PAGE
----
Introduction to the curriculum
The first part of the programme is fixed and identical for all students. This compulsory part consists of the faculty module (12 EC) and the programme module (9 EC). After this compulsory part, you will make a choice between three tracks: (1) Water Resources Engineering (WRE), (2) Resource and Waste Engineering (R&WE), or (3) Atmospheric Environment Engineering (AEE). Each track consists of a steppingstone (15 EC), followed by an A-module (9 EC) which is primarily focussed on theory and a B-module (15 EC) which is generally characterised by a more practical and empirical approach.
The second year offers even more flexibility and freedom of choice than the first year, providing possibilities to study abroad, do an internship or a multi- or interdisciplinary project in the Netherlands or abroad, follow an in-depth module (many electives to choose from) and a cross-over module (many electives to choose from) to eventually make a well-informed choice for a research topic for the thesis.
The first year of the MSc Environmental Engineering starts with the faculty module on Modelling, Uncertainty and Data for Engineers (MUDE). This module takes place in Q1 and Q2 and is shared with Applied Earth Sciences and Civil Engineering master students.
During Q1 you will learn key concepts that are applied to a diverse set of real life applications across the Civil Engineering and Geosciences faculty. In a typical week you will be introduced to new theory, practice it on your own through a series of exercises and work together with teachers and classmates in a medium-sized classroom setting. At the end of each week you will apply these concepts in a project along with a group of fellow students. You will also have weekly coding assignments to build your programming skills in a way that will help you apply the methods learned in MUDE using real data sets and models, as well as prepare you for your future MSc thesis work.
In Q2 the MUDE topics increase in complexity and build on the fundamentals from Q1. During the first week you will select a project to work on for the remainder of the quarter, in which you will directly apply the advanced methods. Each project has a supervisor that will guide you through the process.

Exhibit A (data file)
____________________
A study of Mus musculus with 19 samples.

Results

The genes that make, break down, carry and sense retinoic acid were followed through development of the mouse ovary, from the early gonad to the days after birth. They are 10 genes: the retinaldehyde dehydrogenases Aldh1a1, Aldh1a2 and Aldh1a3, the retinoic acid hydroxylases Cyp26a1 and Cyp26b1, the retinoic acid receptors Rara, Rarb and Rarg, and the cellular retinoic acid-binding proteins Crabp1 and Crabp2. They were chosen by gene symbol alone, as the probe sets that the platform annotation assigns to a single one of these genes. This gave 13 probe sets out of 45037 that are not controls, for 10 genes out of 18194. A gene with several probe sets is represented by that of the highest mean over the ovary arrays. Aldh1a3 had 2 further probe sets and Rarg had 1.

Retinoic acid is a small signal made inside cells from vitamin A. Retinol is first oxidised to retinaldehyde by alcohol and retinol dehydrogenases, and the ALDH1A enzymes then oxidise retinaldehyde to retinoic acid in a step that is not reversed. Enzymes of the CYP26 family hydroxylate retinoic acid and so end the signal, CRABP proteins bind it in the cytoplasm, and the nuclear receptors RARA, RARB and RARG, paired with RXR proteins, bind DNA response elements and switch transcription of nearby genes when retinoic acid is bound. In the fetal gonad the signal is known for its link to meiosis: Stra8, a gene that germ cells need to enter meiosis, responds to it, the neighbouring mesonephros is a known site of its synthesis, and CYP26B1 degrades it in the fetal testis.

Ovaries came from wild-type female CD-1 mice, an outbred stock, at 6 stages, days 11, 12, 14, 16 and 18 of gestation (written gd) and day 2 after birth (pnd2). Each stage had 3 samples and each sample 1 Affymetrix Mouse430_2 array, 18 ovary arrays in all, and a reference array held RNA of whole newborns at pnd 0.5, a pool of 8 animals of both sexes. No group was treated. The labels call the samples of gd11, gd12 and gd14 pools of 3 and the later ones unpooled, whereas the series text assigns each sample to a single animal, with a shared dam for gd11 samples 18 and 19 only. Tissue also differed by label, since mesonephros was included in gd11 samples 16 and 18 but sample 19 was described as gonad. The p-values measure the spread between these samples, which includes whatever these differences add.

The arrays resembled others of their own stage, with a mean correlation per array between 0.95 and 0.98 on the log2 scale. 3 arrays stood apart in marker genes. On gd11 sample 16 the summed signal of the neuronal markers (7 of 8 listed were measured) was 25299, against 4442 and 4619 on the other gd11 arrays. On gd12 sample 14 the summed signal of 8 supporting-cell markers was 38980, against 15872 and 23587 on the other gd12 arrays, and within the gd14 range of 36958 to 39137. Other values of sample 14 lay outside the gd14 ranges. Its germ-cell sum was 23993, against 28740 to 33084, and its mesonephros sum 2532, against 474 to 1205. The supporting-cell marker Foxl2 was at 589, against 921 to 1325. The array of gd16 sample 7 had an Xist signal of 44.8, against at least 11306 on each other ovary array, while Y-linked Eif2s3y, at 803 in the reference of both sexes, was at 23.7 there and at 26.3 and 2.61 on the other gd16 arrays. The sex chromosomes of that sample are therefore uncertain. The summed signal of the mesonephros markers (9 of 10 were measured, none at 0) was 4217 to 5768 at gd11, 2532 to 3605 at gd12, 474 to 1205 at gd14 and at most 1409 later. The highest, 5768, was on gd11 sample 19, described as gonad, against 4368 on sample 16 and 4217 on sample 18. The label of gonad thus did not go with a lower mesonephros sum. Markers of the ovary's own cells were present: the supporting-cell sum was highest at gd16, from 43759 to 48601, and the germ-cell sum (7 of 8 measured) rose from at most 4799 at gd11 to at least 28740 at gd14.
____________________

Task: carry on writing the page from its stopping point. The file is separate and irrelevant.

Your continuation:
Parallel to this faculty module the first two periods will include a Programme module for only Environmental Engineering students focusing on the fundamentals of Environmental Engineering, such as the transport of contaminants between water, air and soil or (bio)chemical conversion processes within the environment. Also the impact of human interference on the environment will be discussed, its translation into legislation and the ethical considerations related to decision-making. Study topics will be addressed in the light of changing needs of societies, economic considerations and the United Nations sustainable development goals.
During the rest of the year you will follow track specific courses of one of the following tracks:
The second year of the MSc Environmental Engineering is designed to fully facilitate all types of individual learning paths. You can choose to participate in an inter- or multidisciplinary project to further develop the skills needed for working in a diverse team, you can do an internship to improve your professional skills, you can study abroad or choose to deepen your knowledge and follow in-depth modules. These specialisation modules can be part of the Environmental Engineering programme or other MSc programmes at TU Delft, but you could also follow modules at other universities.
Before starting your thesis, you can follow a number of ‘cross-programme modules’ in the master programmes of Environmental Engineering, Civil Engineering, and Applied Earth Sciences. This will broaden your scope, enable you to think more multidisciplinary and enhance your communication skills as a future environmental engineer.
In general, these modules may be of two kinds: a) methodological, which are oriented around common techniques and methods or b) topical, that are oriented around common topics of interest. Download the Cross-Over Brochure here to learn more. More in-depth information about each cross-over can also be found here.
The final part of the programme will consist of Master Thesis preparations and the Master Thesis itself. Master thesis preparation consists of training in lab skills, modelling, academic writing and literature research. During your master thesis you independently undertake a research or design project regarding an environmental challenge related to the track you have chosen, guided by a supervisory committee.